UPA approves rural job funds for Bengal: Politics at play


One report said that an elated Mukherjee repeatedly thanked Ramesh, saying it was a welcome development ahead of the crucial panchayat elections in the state.

Mukherjee also said in the close quarters that even Chief Minister Mamata Banerjee expressed her satisfaction after the Centre agreed to provide the funds which the state government has been demanding for a long time. He said demand for the due amounts were being put forward from several districts and the latest decision by the Centre gave the state government a welcome relief.

Political significance of the generosity

Political observers feel that the Centre's generosity towards Bengal, which it didn't show for some time owing to deteriorating relations with Banerjee, is not without any political significance. Ever since the DMK pulled out of the UPA government over the Sri Lanka issue and put the government in a serious danger of crumbling, the Congress has been tilting towards finding new allies for over-dependence on the Mulayams and Mayawatis could not be a risk-free business.

Bihar & Bengal on UP agenda?

The UPA has already been wooing Bihar Chief Minister Nitish Kumar and the latter has also been giving indications that the JD(U) could consider a new alliance. Ramesh also wrote to Kumar to announce the clearance of an additional Rs 244 crore for the rural job scheme in Bihar besides wooing Banerjee by asking whether she was still angry with him or not after the latter responded to his sms requesting for a meeting after five days.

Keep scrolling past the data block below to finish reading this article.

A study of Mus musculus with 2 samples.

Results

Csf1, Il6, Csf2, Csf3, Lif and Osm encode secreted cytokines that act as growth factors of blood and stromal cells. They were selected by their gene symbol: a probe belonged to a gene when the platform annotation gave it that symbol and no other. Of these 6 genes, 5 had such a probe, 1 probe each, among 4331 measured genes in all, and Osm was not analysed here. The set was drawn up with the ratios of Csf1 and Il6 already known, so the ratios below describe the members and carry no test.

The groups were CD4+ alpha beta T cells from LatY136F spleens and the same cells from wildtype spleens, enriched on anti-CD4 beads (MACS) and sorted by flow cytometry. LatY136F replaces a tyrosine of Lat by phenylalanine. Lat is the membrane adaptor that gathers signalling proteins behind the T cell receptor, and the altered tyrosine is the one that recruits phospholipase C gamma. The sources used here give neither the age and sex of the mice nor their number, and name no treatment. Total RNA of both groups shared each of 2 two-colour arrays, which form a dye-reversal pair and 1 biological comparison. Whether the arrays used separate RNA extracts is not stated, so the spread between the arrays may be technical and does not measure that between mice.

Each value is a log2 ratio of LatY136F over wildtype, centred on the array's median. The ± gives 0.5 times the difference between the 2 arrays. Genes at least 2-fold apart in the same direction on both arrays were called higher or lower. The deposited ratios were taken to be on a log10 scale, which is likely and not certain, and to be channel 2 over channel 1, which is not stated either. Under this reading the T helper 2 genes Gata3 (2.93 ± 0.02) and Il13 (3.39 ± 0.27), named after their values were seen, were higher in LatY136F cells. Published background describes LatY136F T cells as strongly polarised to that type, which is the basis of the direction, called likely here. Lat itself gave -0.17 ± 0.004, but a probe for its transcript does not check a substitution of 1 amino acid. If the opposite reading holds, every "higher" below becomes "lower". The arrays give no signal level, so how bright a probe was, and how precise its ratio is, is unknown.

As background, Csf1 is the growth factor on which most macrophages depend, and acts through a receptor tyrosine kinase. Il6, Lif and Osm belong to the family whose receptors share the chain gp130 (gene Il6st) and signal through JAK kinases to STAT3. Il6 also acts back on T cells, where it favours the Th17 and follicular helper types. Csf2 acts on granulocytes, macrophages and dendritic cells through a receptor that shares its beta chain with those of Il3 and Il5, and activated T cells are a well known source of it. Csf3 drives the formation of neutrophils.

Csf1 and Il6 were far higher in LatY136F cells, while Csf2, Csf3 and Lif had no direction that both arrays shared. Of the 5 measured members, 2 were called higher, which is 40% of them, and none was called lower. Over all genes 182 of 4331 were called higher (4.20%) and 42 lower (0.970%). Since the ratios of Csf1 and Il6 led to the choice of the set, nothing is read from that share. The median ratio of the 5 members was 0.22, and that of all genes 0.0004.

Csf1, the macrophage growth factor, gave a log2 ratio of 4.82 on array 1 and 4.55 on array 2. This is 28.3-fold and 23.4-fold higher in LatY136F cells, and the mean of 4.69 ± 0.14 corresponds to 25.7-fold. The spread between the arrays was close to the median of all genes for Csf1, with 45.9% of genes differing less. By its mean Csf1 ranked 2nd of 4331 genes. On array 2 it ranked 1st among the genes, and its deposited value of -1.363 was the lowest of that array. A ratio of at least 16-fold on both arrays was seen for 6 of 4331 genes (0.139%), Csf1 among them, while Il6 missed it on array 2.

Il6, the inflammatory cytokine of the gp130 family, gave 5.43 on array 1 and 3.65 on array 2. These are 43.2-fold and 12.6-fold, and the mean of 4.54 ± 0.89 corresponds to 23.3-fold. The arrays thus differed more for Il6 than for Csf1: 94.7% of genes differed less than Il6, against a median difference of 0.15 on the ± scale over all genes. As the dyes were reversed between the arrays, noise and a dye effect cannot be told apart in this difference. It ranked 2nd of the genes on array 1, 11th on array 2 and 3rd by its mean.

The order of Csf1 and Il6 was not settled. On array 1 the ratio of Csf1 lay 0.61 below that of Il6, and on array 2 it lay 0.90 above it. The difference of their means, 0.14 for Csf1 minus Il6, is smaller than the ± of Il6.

It was the same Ramesh who had criticised Banerjee as a bad administrator last December, three months after the TMC pulled out of the UPA. He had accused the state government of failing to spend central funds for local development.

An effort for image makeover

The 180-degree shift in Ramesh's position since December 8 has also been shaped by state politics. If the Congress-led continued to target the TMC government, the latter would find it convenient to blame it for all hardship of rural Bangal. The TMC has already been projecting that the Centre has deprived the state in this year's railway budget and further silence on behalf of the Congress would have led to a debacle in the polls.

The party is feeling boosted after the recent by-polls in which its vote-share witnessed an increase and will not like to ruin its chances in the upcoming panchayat polls. It is trying to fill the vacuum in the state politics which been created by Banerjee's decreasing popularity and the Left Front's continuing coma.

TMC has also understood that no way forward without Congress

The TMC has also perhaps understood that keeping a distance with the Congress will not help its cause. It can join the BJP but that is a risky proposition keeping in mind the minority votes. The other option is the Congress, which is also trying to corner the TMC in Darjeeling hills by joining hands with the Gorkha Janmukti Morcha.

The TMC will need a minimum number of MPs if it wants to play a major role in national politics in the future and for that it has to show good work while in power and for putting up a electoral performance, assistance from the Centre can not be overlooked. Mamata Banerjee recently said that her party would back the UPA on the Sri Lankan question. Another senior minister, Kamal Nath, also called her up.

Banerjee can understand the compulsion of politics but will she think it consistently? That is the question.